So the past week has been a bit tough for me mentally. Am I doing the right thing for my horse, my program, my life? So much deep thought and reflection. It took me a while to write this post and the two before it because of some flipping out that was going on the internets.
The Monday after the show, I was still struggling to put things in piles and figure out where to go with my "big" horse. Consequently, early that week this article popped up.
When this popped up, I ignored it. When it popped up again and again, I ignored it. When Sarah asked me if I'd seen it, I said I saw it going around but hadn't clicked. She mentioned some other things and I ended up clicking. Since I was feeling like a borderline horse abuser myself from the past weekend, I wasn't sure how I was going to feel. So. I have a better seat than her. OK, a much better one. Her horse appears to be a tolerant, lazy, hot type. I have one of those. In my mind I was questioning (again) my choices at the show the weekend before but realized I didn't look like that.
So I debated if it was someone with money just "chasing a dream." I know as a trainer the pressure to get people up the levels (especially those with large pocketbooks) is intense. I didn't see anything that was "blatant" abuse as mentioned in the article. Overuse of the aids due to a rider's lack of core? Yes. The horse kicked out WAY less than Vana does for the whip. Granted her award riding made her hands and aids really poorly timed. I saw a rider that had been told to "ride forward" as I was on the same type of horse at that same level. I saw a wealthier, less talented, less fit, less experienced version of myself and Vana in my mind in the beginning.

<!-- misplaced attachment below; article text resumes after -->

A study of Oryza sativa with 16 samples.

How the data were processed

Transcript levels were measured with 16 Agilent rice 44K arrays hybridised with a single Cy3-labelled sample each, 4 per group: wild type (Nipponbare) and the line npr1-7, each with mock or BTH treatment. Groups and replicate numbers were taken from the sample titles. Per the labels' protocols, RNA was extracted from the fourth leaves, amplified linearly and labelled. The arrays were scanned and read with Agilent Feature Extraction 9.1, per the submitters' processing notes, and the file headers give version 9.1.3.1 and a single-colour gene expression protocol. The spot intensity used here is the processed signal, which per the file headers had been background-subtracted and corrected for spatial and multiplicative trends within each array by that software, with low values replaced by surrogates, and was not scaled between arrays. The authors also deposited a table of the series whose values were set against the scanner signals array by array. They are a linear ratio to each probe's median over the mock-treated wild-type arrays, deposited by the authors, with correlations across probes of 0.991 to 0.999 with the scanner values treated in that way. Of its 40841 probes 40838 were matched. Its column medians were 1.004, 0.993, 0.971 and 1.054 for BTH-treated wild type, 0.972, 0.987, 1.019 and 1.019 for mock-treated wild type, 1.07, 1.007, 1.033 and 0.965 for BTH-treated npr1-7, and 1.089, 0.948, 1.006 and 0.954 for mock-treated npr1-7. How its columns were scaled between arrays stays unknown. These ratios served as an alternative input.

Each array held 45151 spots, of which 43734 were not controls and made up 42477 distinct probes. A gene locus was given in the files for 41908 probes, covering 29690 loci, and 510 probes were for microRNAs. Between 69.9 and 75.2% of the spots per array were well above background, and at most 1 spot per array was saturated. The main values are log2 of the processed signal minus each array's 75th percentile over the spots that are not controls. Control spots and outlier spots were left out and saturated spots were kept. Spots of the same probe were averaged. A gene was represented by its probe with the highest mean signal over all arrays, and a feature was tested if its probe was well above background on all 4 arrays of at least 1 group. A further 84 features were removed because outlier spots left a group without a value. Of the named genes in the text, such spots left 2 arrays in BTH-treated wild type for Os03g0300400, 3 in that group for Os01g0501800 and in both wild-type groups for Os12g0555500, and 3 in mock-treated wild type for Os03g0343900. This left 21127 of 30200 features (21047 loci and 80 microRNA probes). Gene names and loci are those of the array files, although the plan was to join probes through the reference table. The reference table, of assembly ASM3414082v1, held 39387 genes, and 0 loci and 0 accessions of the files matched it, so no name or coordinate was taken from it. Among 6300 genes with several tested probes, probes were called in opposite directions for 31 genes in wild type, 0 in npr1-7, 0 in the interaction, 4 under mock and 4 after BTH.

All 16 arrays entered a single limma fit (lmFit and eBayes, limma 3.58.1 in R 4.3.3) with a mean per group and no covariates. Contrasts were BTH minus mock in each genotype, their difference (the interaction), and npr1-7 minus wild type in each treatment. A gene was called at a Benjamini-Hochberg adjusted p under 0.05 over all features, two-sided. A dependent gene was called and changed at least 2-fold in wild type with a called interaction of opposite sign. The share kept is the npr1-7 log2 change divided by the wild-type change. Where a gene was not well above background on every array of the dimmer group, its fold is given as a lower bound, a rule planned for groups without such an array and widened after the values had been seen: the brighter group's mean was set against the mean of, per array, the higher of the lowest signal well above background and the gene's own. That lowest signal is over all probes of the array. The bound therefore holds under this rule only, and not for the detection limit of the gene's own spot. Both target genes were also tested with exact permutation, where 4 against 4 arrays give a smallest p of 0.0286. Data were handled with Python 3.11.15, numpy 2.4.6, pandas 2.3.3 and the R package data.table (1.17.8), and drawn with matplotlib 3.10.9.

The other video was later posted and well. OK, maybe it was excessive and it no longer reminded me of myself. It reminded me of how I'd see many of the other trainers in the area "schooling" their horses and some of the behind the scenes "corrections" that made my working student and myself squirm. When the rules of reporting abuse was released, my emotion was now mad at myself for not reporting this instance that we had witnessed in the past year with a local well respected trainer.
I guess my point is that the trainer didn't let this person down. The horse wasn't let down. This is what is wrong with the "pay to play" system AND the "look the other way" system. I don't believe the judges should have done anything different. IF she was scoring over 60s, ok fine. Bad on the judges. They appeared to judge as fairly as they could. With my most recent shit show of a test on the previous Saturday, I HEARD as I rode by how hard it was for the judges to tell the scribe what to write as they move quickly to the next movement. An ENTIRE test of this is going to miss some things and there's no way around that.
Not every test is going to be perfect. Not every rider is going to be perfect. I can see the argument for the rider, the trainer, the horse, the sport, the judges from all angles and I'm not sure what the right answer is. Writing this article in a bullying type way isn't the right answer, but sensationalism gets people to read your article and thus talk about it. It's Journalism 101.
The following counter article came out addressing the bullying and several other topics.
I mean we can go round and round on this. I'm not going to. I'm just going to report abuse next time I see it at a show instead of looking the other way and keeping quiet.